Wednesday, July 24

Opill, an Over-the-Counter Birth Control Pill, Will Be Available Soon

The medication, called Opill, which was approved for over-the-counter sale by the Food and Drug Administration last year, will be the most effective birth control method available without a prescription, research shows — more effective than condoms, spermicides and other nonprescription methods.

Reproductive health experts said that its availability could be especially useful for teenagers, young women, and others who have difficulty dealing with the time, costs or logistical hurdles involved in visiting a doctor to obtain a prescription.

Some experts said they thought it might be a particularly good option for teenagers, who might otherwise rely on condoms.

Lupe M. Rodriguez, the executive director of the National Latina Institute for Reproductive Justice, said in a statement Monday that “over-the-counter access to birth control will greatly reduce the barriers like transportation, cost, language, and documentation.”

Opill is not a new medication — it was approved for prescription use 50 years ago. Reproductive health experts and members of an F.D.A. advisory panel cited its long history of safety and efficacy. It is 93 percent effective at preventing pregnancy with typical use. Women with certain conditions — primarily breast cancer or undiagnosed vaginal bleeding — should not take Opill. But for most women, “the risk is very low, and almost nonexistent if they read and follow the labeling,” Karen Murry, the deputy director of the F.D.A.’s office of nonprescription drugs, said in a memo explaining the approval decision.

Since the Supreme Court overturned the national right to an abortion in 2022, the accessibility of contraception has become an increasingly urgent issue. But long before that, the move to make a nonprescription pill available for all ages had received widespread support from specialists in reproductive and adolescent health and groups.

The approval of Opill faced very little public opposition from conservative groups that are often critical of measures that increase access to abortion, emergency contraception and sex education. Opposition appeared to come primarily from some Catholic organizations and Students for Life Action.

In a survey in 2022 by the health care research organization KFF, more than three-quarters of women of reproductive age said they favored an over-the-counter pill, primarily because of convenience.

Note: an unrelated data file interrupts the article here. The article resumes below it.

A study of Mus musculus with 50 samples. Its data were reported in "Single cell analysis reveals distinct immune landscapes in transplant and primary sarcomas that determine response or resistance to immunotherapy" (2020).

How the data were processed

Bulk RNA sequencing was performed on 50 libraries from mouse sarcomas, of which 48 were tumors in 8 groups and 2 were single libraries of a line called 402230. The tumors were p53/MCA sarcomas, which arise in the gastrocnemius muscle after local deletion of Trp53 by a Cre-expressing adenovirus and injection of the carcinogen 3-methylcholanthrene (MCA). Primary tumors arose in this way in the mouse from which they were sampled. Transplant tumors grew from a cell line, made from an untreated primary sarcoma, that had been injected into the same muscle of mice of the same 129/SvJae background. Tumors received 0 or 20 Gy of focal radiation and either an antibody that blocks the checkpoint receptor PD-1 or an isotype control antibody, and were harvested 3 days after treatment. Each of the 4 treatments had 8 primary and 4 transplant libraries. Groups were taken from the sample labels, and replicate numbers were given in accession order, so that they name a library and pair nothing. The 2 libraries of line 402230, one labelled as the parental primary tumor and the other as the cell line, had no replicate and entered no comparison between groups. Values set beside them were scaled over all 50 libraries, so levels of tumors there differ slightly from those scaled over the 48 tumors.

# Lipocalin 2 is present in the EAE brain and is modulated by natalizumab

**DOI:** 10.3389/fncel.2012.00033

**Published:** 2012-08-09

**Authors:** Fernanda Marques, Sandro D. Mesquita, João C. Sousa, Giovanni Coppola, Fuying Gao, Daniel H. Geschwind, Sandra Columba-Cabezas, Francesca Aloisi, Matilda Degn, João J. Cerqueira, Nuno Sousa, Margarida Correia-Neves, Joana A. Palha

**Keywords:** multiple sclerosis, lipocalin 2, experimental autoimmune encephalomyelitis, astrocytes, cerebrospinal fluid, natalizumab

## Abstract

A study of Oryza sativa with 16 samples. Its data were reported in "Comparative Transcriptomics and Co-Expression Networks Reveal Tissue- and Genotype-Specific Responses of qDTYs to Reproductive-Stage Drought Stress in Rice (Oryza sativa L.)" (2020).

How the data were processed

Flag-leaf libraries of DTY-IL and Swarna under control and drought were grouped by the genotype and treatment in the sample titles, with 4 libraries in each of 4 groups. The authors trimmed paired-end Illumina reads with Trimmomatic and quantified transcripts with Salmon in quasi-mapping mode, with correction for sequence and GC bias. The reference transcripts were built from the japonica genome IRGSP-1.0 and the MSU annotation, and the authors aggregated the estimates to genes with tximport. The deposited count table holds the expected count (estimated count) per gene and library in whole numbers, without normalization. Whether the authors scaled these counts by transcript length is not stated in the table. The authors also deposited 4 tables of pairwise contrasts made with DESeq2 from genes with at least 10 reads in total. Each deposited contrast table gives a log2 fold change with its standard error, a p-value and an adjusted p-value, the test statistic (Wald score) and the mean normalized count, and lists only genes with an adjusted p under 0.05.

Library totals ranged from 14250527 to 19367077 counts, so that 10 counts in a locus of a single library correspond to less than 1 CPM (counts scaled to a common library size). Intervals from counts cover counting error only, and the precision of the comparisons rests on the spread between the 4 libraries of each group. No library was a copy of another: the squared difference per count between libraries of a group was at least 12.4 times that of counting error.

Opill is known as a “mini pill” because it contains only one hormone, progestin, in contrast to “combination” pills, which contain both progestin and estrogen. Cadence Health, a company that makes a combination pill, is also in discussions with the F.D.A. about applying for over-the-counter status.

Perrigo said Monday that Opill can be preordered from some online retailers. A three-month pack of Opill will also be sold by retailers at a price of $49.99. The company’s website will also sell the three-month pack, as well as a six-month supply that will cost $89.99.

In its announcement, Perrigo said the company would provide a “cost-assistance program” to “help qualified low-income, uninsured individuals obtain Opill at low or no cost.”

Making the pill affordable to all women remains a goal for reproductive health advocates, many of whom said Monday that the cost would be out of reach for some populations.

“As a high school student in Texas who struggled to get on the pill under the current system, and faced social stigma while trying, I know firsthand how important it is to ensure young people can walk into a store and easily access the contraception they need,” Maia Lopez, 17, a member of the FreeThePill Youth Council at the nonprofit Advocates for Youth, said in a statement. “While today is a huge step forward, the price is still steep for many teenagers I know.”

The Affordable Care Act requires health insurance plans to pay for prescription contraception, but not over-the-counter methods. Some states have laws mandating coverage of over-the-counter birth control, but most do not.

The KFF survey found that 10 percent of women would not be able or willing to pay any out-of-pocket cost for contraception. About 40 percent would pay $10 or less per month, and about a third would pay between $11 and $20.

Three Democratic senators — Patty Murray of Washington, Mazie Hirono of Hawaii and Catherine Cortez Masto of Nevada — issued a statement on Monday urging passage of legislation to require insurers to cover over-the-counter birth control. They have also pressed the federal government to do something similar under an executive order to improve contraception access that President Biden signed last year.

“The work doesn’t stop here — more needs to be done to make sure every American can access and afford the pill over the counter,” the senators said.